Marketing changes for peudo BC wines

B.C. liquor stores are going to change the way they display bulk imported wines that are currently being being sold as British Columbia wines, Rich Coleman, minister responsible for the Liquor Control Board, said Wednesday.

B.C. liquor stores are going to change the way they display bulk imported wines that are currently being being sold as British Columbia wines, Rich Coleman, minister responsible for the Liquor Control Board, said Wednesday.
Photograph by: Bill Keay, Vancouver Sun files

B.C. liquor stores are going to change the way they display bulk imported wines that are currently being being sold as British Columbia wines, Rich Coleman, minister responsible for the Liquor Control Board, said Wednesday.

But don’t expect any other changes, Coleman said in an interview. The three major wineries involved in what has been called a deceptive marketing practice need the cash flow.

Vincor International, Andrew Peller Ltd. and the Mark Anthony Group bottle the 12 or 13 brands of imported bulk wine that are prominently displayed in government liquor stores as B.C. wines and products of Canada — labelled as “Cellared in Canada.” The wineries and the B.C. government have been accused of deceiving consumers by creating the impression the wines are actually real B.C. wines, when in fact they are bulk wines purchased for as little as 21 cents a litre. They sell for $9 to $15 a bottle.

The wines are a major source of revenue for both the wineries involved and the Liquor Control Board, but are confusing for consumers who mistake them for low-cost B.C. wines.

“If there is a perception around it, they’ve been asked to look at it,” Coleman said of the LDB. “They are going to look at it and see whether there has to be a different placement of the product in some cases, and whether it’s blended or not blended, that sort of thing.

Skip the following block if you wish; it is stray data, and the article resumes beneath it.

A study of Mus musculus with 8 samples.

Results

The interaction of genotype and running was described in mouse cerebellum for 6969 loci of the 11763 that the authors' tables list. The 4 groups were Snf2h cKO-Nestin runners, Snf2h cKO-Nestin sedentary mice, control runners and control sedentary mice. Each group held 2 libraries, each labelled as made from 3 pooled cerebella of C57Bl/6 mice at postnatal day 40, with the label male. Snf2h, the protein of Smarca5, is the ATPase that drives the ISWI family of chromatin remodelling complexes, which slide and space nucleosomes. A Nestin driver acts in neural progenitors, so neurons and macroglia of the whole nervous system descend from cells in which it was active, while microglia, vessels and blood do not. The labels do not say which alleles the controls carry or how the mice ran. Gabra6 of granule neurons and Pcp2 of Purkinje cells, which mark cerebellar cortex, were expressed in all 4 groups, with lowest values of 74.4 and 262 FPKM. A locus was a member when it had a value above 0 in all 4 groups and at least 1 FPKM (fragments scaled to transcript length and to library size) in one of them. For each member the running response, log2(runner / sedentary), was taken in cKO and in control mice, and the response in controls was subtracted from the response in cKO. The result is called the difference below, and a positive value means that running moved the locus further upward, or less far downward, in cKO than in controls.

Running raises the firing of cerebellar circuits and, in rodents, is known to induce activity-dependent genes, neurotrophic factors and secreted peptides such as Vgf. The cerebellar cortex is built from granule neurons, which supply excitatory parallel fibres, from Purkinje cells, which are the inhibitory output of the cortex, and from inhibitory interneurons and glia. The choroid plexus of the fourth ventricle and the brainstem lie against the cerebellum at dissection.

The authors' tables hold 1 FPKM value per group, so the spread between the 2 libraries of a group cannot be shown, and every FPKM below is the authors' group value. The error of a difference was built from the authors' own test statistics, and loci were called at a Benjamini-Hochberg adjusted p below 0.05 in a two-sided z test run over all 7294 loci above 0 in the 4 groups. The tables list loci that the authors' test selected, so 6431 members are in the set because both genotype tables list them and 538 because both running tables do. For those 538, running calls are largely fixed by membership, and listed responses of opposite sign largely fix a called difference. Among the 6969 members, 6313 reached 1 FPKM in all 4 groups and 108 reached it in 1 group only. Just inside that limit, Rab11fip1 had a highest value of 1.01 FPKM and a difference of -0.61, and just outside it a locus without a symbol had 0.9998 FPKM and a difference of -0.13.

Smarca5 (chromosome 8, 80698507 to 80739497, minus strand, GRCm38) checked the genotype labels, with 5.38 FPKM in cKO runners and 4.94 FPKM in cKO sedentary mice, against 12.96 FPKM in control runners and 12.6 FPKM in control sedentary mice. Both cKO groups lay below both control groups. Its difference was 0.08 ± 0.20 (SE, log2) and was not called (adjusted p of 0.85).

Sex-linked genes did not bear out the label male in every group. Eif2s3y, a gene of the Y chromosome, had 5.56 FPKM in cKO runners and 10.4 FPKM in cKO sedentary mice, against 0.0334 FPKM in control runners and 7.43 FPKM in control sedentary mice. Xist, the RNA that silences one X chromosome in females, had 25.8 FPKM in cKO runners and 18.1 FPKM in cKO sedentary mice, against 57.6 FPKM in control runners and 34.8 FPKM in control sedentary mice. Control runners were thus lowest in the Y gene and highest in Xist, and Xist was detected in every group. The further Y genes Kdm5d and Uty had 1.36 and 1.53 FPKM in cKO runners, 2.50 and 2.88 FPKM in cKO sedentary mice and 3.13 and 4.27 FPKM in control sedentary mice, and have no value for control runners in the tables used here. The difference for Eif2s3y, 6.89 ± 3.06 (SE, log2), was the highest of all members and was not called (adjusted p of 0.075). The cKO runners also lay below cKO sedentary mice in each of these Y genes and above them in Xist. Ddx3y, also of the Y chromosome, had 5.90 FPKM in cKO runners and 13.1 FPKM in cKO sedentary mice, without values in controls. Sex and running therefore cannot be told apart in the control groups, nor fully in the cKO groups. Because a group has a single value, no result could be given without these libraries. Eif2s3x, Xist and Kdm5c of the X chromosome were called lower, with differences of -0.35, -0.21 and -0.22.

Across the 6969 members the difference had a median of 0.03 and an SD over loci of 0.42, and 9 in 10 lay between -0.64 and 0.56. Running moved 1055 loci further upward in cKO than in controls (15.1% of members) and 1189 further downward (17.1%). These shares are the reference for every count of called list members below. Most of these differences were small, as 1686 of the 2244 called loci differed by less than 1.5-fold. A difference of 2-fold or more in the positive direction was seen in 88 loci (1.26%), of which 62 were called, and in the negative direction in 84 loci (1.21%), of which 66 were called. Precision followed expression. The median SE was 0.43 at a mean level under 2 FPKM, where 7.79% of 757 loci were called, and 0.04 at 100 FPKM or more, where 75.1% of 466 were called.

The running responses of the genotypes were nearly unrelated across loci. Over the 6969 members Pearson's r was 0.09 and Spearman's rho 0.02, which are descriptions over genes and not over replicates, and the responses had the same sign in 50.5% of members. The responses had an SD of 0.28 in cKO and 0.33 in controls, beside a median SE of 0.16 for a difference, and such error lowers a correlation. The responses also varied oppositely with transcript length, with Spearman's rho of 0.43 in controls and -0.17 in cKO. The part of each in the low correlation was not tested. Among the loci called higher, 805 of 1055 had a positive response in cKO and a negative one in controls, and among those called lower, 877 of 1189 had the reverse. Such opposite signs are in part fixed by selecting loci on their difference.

“But I’m not totally dissatisfied with the way it is now,” Coleman said. “Our guys have to have some cash flow to build the premium wine business. There’s got to be a balance struck.”

The bulk wines, he said, are the Canadian industry’s response to similar practices in other countries.

Coleman’s response to the issue is a step forward, but not enough to distinguish the faux B.C. wines from the real thing, said Bob Ferguson, owner of Kettle Valley Winery in Naramata. Kettle Valley uses 100-per-cent Okanagan grapes in all its wines.

“What the majority of wineries want is truth in labelling,” Ferguson said. “I don’t think that is too much to ask. I am surprised that Minister Coleman couldn’t support consumer truth.”

“It’s helping the big guys, it’s helping the liquor board and it’s helping Minister Coleman meet his sales targets,” Ferguson said.

“I certainly hope this is not the end of it. When you go into a grocery store, you want to know whether you are buying B.C. apples or Washington apples. B.C. people are going to support B.C. wines, and the problem with the liquor stores is that they intentionally confuse the consumer. These wineries are not telling consumers where their products come from.”